Guest post by Valaney Martin

You want to make a cool video game, not just to impress your friends, but to actually make a profit. Does the average indie game developer have a chance in this economy?

Well, yes, but making money from your game and getting it noticed both require special attention. We’ll cover both in this article, so keep reading to learn the basics.

Making a Profit:

Virtual currency

Many popular games today include micro transactions, which encourage the player to convert real money into game currency, as seen on Zynga’s FarmVille flash game and Viacom’s virtual pet community Neopets.

virtual currency and online games

Ideally, the game is still fun for users who don’t buy anything, and the additional items don’t unbalance or “break” the game. Thus, the items are often just for show, such as a new outfit or wig for a character.

As an indie developer, you can let a bigger company handle your virtual currency transactions by allowing them to take a small commission. For example, using Mochi Media’s Mochi Coin system not only makes it easier to run these micro transactions, but can get your game more widely distributed, too.

Freemium

If you plan to sell your game, you may be able to boost sales by designing a free trial to go with it.

Subscriptions

Common with massively multiplayer online role-playing games, subscriptions usually start with a free trial or low starting fee, then charge monthly payments for continued access to the game. It is expected that the game will be updated with new content on a regular basis.

According to multimedia consultant Samuel Asher Rivello, the number of gaming subscribers online is expected to reach 44.5 million at the end of 2014.

Sponsorship

If a company sponsors your video game, they will pay you to brand it with their advertising, logos, and messages. Your game will include a link to their website, too.

Licensing

When a company licenses your game, it becomes their property, and sometimes even exclusive content. The game is offered on their website, helping them bring in more traffic.

Getting Your Game Noticed:

Make a website or blog

Having a website for your game will make you more credible and help gamers and the media learn more about it. Plus, it can make press releases, especially those distributed online, get more attention as readers click on the link to your website.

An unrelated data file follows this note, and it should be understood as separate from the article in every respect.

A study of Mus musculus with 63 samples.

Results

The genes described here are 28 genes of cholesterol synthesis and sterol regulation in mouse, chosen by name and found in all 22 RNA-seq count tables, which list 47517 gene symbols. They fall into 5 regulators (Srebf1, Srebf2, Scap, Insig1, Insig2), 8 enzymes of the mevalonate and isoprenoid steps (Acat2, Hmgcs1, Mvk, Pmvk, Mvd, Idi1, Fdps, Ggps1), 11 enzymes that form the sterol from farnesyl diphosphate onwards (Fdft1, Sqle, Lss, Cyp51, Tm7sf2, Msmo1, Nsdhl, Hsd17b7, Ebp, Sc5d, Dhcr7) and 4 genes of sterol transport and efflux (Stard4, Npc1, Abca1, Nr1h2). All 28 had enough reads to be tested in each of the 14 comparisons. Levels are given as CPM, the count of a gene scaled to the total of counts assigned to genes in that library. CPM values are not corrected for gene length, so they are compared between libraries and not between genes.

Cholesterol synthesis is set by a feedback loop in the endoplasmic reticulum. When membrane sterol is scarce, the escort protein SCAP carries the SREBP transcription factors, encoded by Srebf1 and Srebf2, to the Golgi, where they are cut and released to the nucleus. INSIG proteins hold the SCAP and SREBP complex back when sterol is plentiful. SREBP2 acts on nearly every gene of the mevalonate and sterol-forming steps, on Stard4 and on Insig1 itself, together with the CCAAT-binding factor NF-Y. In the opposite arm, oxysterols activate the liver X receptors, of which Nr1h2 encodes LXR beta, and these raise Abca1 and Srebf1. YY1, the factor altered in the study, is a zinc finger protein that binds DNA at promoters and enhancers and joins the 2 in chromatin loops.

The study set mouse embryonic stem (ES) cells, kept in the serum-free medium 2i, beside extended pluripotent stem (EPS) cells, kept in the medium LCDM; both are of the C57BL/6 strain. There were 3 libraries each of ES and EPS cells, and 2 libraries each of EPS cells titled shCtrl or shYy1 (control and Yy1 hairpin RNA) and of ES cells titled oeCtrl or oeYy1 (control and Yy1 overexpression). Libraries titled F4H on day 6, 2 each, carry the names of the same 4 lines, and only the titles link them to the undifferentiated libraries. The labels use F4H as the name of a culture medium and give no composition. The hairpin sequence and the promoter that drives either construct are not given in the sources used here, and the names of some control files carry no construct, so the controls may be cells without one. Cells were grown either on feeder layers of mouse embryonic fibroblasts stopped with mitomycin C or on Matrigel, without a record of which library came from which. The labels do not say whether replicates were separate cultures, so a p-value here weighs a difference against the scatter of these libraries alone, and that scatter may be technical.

Write a press release

Your game should be announced by a custom press release, which is pretty much a news article focused on an event or product. If writing isn’t your strong suit, you’ll be glad to know you can find freelance writers working at low rates on websites like Elance.com and oDesk.com. Both of these websites accept credit card payments, too.

When signing up for a credit card, think over the benefits of a business credit card. For example, some business credit cards come with airline rewards points, a big help for flying to all those video game expos. Some come without pre-set spending limits, giving you flexibility to handle a change of pace if sales of your game go up and down at first.

Once you have a press release, follow these tips, as suggested by App Hub:

  • Use Blogpulse ,Technorati, Bing News, or IceRocket to find online publications that review games like yours
  • Find a journalist who has reviewed games like yours and try to contact them directly
  • Write a short message that introduces your game and you to the journalist while also offering to send screenshots
  • If you don’t hear back from them, wait at least a week, then send a short follow-up message
  • Post your press release on Games Press, N4G, and other press release distribution sites
  • If your game is reviewed, send a thank-you note to the reviewer and keep in touch with them, whether you liked the review or not

Design interesting tile or box art

This may be a reviewer or gamer’s first impression of your game, so make sure it looks professional. The description should also be catchy and free of errors.

Create a short trailer

Professional-looking trailers under two minutes will help draw attention to your game. Again, if you’re not sure what you’re doing, you can always hire a freelancer.

Valaney Martin helps developers and entrepreneurs compare small business credit cards at CreditDonkey to help provide startup financing for their endeavors.  Remember, while following these guidelines doesn’t guarantee you will get your game noticed and get paid from it, making smart marketing moves sure doesn’t hurt.